SecGen calls for Libyan cease fire

The United Nations Secretary General Ban Ki Moon called for an "immediate and verifiable" cease fire between the rebels and Gaddafi yesterday. The UN-approved mission has turned into a quagmire and Ban is looking for Gaddafi to bail the UN out.

Reuters:

Ban was speaking in Geneva after talking with Libya's Prime Minister Al-Baghdadi Ali al-Mahmoudi. There was no immediate direct response from the rebels or government.Gaddafi's government has made several ceasefire declarations but has continued its attacks on the besieged western city of Misrata and other rebel-held areas.

"He (Mahmoudi) even suggested the Libyan government was willing to have an immediate ceasefire with a monitoring team to be established by the United Nations and the African Union," Ban told a news conference.

"But first and foremost there should be an end to the fighting in Misrata and elsewhere. Then we will be able to provide humanitarian assistance and in parallel we can continue our political dialogue," Ban added.

Rebels said on Tuesday they made gains by driving back Gaddafi's troops on the eastern and western edges of Misrata and encircling them at the airport.

The prospect of a negotiated settlement with Gaddafi remaining in power would not go down well with France and Great Britain who have staked their national prestige on bringing down the dictator. But even they must realize by now that the rebels will not have the organization, the firepower, or the expertise to win an absolute victory over Gaddafi's forces - perhaps for years. Therefore, some kind of settlement is inevitable.

Ban will seek to gain his cease fire by having NATO put pressure on the rebels to agree. While most rebels reject the idea of a cease fire, they might change their tune if NATO refuses to fly missions to help them against government forces. Eventually, they will fall into line, although it may be weeks before that occurs.





The United Nations Secretary General Ban Ki Moon called for an "immediate and verifiable" cease fire between the rebels and Gaddafi yesterday. The UN-approved mission has turned into a quagmire and Ban is looking for Gaddafi to bail the UN out.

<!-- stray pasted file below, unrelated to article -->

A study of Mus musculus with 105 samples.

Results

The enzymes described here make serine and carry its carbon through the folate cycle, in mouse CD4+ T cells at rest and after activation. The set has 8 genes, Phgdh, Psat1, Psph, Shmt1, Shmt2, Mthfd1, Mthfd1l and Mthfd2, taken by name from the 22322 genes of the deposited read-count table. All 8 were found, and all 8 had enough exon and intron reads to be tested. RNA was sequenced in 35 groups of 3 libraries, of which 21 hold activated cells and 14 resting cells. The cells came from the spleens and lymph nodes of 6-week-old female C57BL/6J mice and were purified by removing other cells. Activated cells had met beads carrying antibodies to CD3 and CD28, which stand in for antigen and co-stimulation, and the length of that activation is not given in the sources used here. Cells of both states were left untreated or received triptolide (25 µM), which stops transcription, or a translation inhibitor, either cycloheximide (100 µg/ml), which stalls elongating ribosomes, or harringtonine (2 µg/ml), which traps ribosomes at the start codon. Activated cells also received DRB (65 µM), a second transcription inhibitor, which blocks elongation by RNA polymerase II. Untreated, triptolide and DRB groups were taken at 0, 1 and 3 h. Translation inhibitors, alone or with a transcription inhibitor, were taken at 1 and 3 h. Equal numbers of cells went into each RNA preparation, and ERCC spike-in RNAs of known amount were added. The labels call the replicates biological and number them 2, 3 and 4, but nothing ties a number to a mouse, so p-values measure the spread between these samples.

Reuters:

Ban was speaking in Geneva after talking with Libya's Prime Minister Al-Baghdadi Ali al-Mahmoudi. There was no immediate direct response from the rebels or government.

Gaddafi's government has made several ceasefire declarations but has continued its attacks on the besieged western city of Misrata and other rebel-held areas.

"He (Mahmoudi) even suggested the Libyan government was willing to have an immediate ceasefire with a monitoring team to be established by the United Nations and the African Union," Ban told a news conference.

"But first and foremost there should be an end to the fighting in Misrata and elsewhere. Then we will be able to provide humanitarian assistance and in parallel we can continue our political dialogue," Ban added.

Rebels said on Tuesday they made gains by driving back Gaddafi's troops on the eastern and western edges of Misrata and encircling them at the airport.

The prospect of a negotiated settlement with Gaddafi remaining in power would not go down well with France and Great Britain who have staked their national prestige on bringing down the dictator. But even they must realize by now that the rebels will not have the organization, the firepower, or the expertise to win an absolute victory over Gaddafi's forces - perhaps for years. Therefore, some kind of settlement is inevitable.

Ban will seek to gain his cease fire by having NATO put pressure on the rebels to agree. While most rebels reject the idea of a cease fire, they might change their tune if NATO refuses to fly missions to help them against government forces. Eventually, they will fall into line, although it may be weeks before that occurs.